SEATTLE -- Q13 FOX News Investigates has uncovered a number of King County restaurants that were recently shut down for critical health violations that could make you sick, but soon their dirty pasts might be easier to find for patrons.
Sarah Schacht said, “It felt like stabbing in my gut. I had internal bleeding. I was sick for a couple of weeks.”
Schacht knows the feeling of food poisoning all too well. It’s happened to her twice.
The King County Health Department is constantly inspecting the county’s 11,500 food establishments and some of the results uncovered by Q13 FOX News Investigates could leave a bad taste in your mouth.
Becky Elias, King County food protection manager, said, “Food is a wonderful thing because it’s nutritious. It’s delicious. It’s cultural. It’s all of these things. And the reality is there also may be risks associated with it.”
Each year, 48 million people get sick in the United States from bad food with infections caused by viruses, bacteria and parasites.
Three-thousand people die every year across the country.
In 2012, Public Health -- Seattle & King County received 588 complaints of foodborne illness.
Attorney Bill Marler represents clients who have gotten sick after eating at restaurants they thought were safe.
“We rely on restaurants to follow the rules because we want to go out and have a good time,” Marler said. “We don’t want to be worried that our kids or ourselves are going to get sick.”
Already in 2014, records show the county has temporarily shut down eight restaurants for critical health violations.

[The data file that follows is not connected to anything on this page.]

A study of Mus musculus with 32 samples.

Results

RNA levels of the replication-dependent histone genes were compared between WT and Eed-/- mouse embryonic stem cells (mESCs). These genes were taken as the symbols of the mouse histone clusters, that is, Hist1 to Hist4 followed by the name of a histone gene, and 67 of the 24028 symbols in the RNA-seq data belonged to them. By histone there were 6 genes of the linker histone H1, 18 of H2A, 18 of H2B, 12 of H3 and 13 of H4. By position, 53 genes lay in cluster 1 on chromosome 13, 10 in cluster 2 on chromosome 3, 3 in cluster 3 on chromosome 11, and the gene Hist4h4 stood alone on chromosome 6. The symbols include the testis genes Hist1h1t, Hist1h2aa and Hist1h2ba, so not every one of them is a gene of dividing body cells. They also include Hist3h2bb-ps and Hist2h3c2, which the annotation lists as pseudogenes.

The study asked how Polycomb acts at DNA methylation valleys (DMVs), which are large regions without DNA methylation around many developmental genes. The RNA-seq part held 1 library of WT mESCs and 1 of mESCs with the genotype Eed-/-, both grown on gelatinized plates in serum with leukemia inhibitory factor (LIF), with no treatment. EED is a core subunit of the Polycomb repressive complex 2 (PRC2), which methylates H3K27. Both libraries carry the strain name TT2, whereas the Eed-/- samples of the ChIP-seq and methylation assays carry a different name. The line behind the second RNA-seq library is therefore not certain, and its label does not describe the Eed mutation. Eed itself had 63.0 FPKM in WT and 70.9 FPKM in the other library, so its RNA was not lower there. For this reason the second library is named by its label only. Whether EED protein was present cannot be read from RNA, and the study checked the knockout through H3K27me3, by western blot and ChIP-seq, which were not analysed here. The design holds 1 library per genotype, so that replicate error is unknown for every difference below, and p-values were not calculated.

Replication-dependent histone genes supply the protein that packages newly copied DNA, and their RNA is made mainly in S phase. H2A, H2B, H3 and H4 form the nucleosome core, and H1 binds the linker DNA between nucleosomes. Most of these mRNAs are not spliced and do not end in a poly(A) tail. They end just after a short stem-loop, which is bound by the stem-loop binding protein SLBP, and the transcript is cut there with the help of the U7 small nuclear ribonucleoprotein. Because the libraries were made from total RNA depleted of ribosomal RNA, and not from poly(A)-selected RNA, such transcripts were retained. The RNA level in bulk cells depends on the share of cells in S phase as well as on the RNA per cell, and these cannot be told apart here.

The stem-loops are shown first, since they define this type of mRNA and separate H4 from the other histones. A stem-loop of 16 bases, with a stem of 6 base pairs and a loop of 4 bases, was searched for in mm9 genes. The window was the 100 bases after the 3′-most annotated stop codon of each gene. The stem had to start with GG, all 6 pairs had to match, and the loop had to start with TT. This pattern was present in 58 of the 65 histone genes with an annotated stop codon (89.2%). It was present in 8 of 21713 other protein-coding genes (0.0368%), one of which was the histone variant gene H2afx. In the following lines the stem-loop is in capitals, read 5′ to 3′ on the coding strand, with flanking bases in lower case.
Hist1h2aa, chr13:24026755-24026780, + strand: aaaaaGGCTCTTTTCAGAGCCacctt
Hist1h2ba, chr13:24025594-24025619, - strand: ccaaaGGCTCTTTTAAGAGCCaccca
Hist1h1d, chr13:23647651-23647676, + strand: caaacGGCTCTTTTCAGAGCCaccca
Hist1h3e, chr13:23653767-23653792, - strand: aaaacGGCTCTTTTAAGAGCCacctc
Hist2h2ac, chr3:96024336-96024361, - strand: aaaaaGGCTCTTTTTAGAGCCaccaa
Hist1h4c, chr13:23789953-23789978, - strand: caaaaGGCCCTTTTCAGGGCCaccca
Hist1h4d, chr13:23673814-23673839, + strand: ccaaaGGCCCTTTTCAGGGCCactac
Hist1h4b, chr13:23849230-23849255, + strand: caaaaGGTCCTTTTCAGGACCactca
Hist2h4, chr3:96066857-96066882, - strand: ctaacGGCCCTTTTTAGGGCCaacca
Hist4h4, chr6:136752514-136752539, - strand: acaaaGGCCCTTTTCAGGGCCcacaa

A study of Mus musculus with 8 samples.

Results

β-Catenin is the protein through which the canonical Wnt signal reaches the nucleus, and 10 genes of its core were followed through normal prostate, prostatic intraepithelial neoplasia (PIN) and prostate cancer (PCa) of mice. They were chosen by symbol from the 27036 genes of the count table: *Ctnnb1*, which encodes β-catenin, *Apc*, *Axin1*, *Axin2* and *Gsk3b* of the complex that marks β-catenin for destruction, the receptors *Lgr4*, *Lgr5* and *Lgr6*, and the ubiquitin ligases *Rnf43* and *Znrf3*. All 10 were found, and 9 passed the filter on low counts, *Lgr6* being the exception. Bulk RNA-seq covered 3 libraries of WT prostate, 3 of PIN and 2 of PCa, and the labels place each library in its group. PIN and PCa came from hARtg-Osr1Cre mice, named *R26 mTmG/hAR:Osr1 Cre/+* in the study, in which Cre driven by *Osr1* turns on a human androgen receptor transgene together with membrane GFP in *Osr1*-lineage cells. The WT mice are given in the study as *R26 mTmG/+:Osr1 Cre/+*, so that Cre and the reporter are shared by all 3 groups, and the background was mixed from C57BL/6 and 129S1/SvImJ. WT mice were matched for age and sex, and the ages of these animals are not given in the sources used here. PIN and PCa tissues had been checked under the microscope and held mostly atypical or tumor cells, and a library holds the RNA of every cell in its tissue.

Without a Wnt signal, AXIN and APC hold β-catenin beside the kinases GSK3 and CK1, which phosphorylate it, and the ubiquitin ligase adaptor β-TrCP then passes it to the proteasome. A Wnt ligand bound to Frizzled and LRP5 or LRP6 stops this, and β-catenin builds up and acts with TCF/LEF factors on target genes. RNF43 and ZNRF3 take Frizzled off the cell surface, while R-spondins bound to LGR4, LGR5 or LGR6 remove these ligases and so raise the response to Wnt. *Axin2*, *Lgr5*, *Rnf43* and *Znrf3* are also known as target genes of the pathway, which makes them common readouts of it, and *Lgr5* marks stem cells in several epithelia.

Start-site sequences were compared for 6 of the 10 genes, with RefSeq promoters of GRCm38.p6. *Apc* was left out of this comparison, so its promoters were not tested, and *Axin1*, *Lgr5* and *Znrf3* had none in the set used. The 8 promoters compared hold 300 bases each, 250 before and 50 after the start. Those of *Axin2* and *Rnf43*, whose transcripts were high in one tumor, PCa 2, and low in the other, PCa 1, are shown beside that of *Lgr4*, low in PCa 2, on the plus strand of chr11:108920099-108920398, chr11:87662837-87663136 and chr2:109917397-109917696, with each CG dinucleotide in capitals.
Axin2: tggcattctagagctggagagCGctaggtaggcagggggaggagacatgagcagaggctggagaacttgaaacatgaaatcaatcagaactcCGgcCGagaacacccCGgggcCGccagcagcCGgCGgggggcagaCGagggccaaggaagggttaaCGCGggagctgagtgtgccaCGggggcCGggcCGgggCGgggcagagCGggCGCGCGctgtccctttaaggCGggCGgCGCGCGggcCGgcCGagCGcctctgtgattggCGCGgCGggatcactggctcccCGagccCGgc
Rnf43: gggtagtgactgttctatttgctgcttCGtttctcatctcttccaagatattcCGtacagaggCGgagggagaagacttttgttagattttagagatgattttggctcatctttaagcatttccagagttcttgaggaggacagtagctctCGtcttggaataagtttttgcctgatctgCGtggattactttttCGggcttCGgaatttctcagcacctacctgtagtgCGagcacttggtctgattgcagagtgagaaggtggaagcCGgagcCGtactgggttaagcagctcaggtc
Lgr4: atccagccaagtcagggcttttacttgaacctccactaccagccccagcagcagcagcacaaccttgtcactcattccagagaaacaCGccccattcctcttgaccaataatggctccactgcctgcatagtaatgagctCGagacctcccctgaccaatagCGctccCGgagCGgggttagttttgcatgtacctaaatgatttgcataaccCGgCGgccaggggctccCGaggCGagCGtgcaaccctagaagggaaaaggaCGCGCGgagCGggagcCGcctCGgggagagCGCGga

At Joi’s Seafood in Bellevue, record show inspectors found employees were handling ready to eat food without washing their hands with soap. It’s now back open after fixing its mistakes.
At La Canasta Deli in Burien, records show certain food wasn’t kept cold enough or hot enough potentially allowing bacteria to grow.
At Yummy Pho in Redmond, inspection records show employees weren’t washing their hands.
And at the Saigon Boat Café in West Seattle, records show inspectors discovered employees were working with raw meats or dirty dishes and not washing their hands afterward.
Now it’s back open for business and the owner says she’s made changes.
How can you find out if your favorite restaurant has problems? Right now customers have to go online to search for inspection records. But that may change.
King County is considering placing report cards in the storefronts of all food establishments and giving you some food for thought before you sit down to eat.
Schacht says that kind of information might keep her out of the hospital for a third E. coli visit.
“Posted restaurant scores in New York and L.A. and online they end up reducing infection rates and hospitalizations,” Schacht said.
LINK: To find out how your favorite restaurant has done during recent health inspections.